Needed: The Harry Hopkins Principle
It doesn't take a rocket scientist, in the middle of the ongoing disintegration of the world economy, to understand that the $800 billion gorilla which the Congress and the Obama Administration seem about to put through, is not going to solve the problem. As Lyndon LaRouche put it on Feb. 7, "This system is finished, the world, in its present form, is finished. We have this abomination, this abortion which was pulled off, or at least partially pulled off, this week, which, in a sense is a necessary diversion, which one hopes will give leg-room for actually doing something serious about the problem. But what Obama has done, will amount to nothing more than buying time."
The crucial issue that the administration continues to dance around, is bankruptcy reorganization. And it has to be addressed, and adopted, very soon.
In the context of taking out the garbage (the mass of unpayable, and largely fraudulent, derivative bubble debts), there will be a need for a jobs creation program, of course. The world economy is currently hemorrhaging jobs, with 600,000 lost in the American economy alone, during January. In total figures, masked, as usual, by failing to count those too discouraged to look for work, and forced to work part-time, the number of unemployed Americans has reached an estimate 22 million—more in absolute numbers than in the early 1930s. The International Labor Organization, a UN agency, estimates more than 50 million more jobs to be lost globally over 2009.
Popular 'wisdom' (never to be trusted) holds that it will take months, if not years, to get millions of people employed. That's where the Harry Hopkins principle comes in.
President Franklin Roosevelt brought Hopkins onto his team in May 1933; his most stunning feat occurred that Fall. Faced by what he knew would be the bitter Winter of 1933-34, Hopkins presented FDR, on Nov. 1, 1933, with a plan for a Civil Works Administration (CWA), to be run by his staff, which would initiate federally sponsored work projects throughout the nation, mainly projects of city, county, and state infrastructure, to be designed, planned, and proposed to CWA by those government units. These included repair and construction of streets, roads, schools, public buildings, playgrounds, and parks, as well as flood control, sewage and water management, and much else of that sort. Roosevelt created the agency nine days after their meeting. Its budget eventually rose to $900 million.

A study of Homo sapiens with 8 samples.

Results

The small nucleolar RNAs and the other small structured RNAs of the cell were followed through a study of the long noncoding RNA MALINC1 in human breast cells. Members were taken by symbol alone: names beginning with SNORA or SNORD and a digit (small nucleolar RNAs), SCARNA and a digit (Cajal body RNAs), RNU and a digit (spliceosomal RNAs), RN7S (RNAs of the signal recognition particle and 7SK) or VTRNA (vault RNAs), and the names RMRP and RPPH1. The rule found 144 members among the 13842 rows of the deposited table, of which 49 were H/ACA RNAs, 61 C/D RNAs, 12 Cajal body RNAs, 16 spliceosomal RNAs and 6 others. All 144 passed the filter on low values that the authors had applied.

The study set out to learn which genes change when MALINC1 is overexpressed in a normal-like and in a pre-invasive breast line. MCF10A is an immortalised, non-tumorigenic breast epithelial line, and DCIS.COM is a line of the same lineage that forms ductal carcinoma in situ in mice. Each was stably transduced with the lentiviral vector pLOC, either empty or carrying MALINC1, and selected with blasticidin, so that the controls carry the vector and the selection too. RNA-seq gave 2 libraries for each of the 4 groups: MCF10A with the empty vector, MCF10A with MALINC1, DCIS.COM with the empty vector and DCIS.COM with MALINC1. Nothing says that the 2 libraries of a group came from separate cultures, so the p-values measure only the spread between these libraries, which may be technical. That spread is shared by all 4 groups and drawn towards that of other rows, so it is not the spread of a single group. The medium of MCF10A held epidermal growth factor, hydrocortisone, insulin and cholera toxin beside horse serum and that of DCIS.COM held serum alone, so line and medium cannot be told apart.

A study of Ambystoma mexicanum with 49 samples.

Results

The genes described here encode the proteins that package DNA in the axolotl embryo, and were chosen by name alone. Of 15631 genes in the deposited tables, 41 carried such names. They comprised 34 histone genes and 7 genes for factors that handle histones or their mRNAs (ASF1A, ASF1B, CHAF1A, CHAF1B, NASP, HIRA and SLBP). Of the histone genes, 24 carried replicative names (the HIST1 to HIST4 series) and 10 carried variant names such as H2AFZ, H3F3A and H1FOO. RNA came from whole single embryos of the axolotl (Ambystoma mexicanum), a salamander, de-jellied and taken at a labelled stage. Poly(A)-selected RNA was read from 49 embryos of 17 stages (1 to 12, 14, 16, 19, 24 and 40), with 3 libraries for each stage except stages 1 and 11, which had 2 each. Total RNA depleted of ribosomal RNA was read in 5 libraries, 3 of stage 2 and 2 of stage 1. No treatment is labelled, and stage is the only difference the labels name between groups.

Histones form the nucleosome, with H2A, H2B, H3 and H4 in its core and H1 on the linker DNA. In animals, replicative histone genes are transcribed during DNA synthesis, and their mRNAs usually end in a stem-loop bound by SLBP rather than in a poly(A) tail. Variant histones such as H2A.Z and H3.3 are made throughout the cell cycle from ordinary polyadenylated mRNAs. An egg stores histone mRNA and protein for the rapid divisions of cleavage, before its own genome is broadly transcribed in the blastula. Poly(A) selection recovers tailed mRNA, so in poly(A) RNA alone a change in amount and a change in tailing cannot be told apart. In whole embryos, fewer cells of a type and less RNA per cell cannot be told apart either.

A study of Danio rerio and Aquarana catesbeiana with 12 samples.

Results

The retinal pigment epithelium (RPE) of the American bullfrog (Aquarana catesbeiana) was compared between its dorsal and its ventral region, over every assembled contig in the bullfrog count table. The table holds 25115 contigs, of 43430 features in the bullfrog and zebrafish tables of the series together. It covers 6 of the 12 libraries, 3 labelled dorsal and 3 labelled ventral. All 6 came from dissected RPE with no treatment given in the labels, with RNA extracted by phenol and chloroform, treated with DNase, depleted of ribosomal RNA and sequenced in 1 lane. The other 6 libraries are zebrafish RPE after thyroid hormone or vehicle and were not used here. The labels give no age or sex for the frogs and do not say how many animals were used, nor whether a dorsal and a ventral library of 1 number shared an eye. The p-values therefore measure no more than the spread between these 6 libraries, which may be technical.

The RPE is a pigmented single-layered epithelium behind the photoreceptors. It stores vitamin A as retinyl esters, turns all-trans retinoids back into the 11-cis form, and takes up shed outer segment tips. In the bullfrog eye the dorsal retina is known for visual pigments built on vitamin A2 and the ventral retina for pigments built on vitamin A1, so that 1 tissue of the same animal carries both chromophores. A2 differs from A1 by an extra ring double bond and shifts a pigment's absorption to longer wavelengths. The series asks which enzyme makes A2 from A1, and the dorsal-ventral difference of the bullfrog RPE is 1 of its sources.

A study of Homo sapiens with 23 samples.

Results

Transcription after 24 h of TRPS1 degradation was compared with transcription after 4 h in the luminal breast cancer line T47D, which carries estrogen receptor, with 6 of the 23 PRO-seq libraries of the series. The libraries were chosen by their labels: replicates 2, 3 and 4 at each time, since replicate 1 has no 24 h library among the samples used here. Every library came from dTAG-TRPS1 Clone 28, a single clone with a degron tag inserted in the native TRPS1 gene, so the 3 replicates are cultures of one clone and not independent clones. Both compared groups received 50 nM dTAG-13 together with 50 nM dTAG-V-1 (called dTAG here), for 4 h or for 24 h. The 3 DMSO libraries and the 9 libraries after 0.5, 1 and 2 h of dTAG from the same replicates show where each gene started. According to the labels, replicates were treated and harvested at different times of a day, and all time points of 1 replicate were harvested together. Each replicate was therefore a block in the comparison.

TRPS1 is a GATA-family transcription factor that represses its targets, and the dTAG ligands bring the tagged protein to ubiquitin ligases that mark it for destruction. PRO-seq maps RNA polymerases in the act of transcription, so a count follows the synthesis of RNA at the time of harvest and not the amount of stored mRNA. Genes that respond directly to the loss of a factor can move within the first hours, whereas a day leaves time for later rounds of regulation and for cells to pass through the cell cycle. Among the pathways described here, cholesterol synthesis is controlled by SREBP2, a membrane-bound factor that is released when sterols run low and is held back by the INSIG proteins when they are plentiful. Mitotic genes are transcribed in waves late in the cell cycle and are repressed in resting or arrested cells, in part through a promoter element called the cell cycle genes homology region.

Hopkins employed 800,000 people on such worthwhile projects within ten days. Nearly 2 million were employed by two weeks later. Nine weeks after the CWA began—in the week ending Jan. 18, 1934—the CWA had its peak employment of 4,263,644.
Beyond preserving the lives and labor power of over 16 million Americans during a cruel Winter, CWA built and repaired over 40,000 schools and 255,000 miles of roads and streets; built 469 airports and improved 529 others; laid 12 million miles of sewer pipe; employed 50,000 teachers; and built 3,500 playgrounds and athletic fields.
CWA was followed by the work program of Hopkins' FERA (Federal Emergency Relief Administration), and that, in turn by his WPA (Works Progress Administration), whose operations were similar.
Today, the job categories will be somewhat different: progress on nuclear power plants, high-speed rail, and other jobs utilizing our dying machine-tool capability. But the Hopkins principle—mobilizing to defend our people as in war—is the standard we must meet today.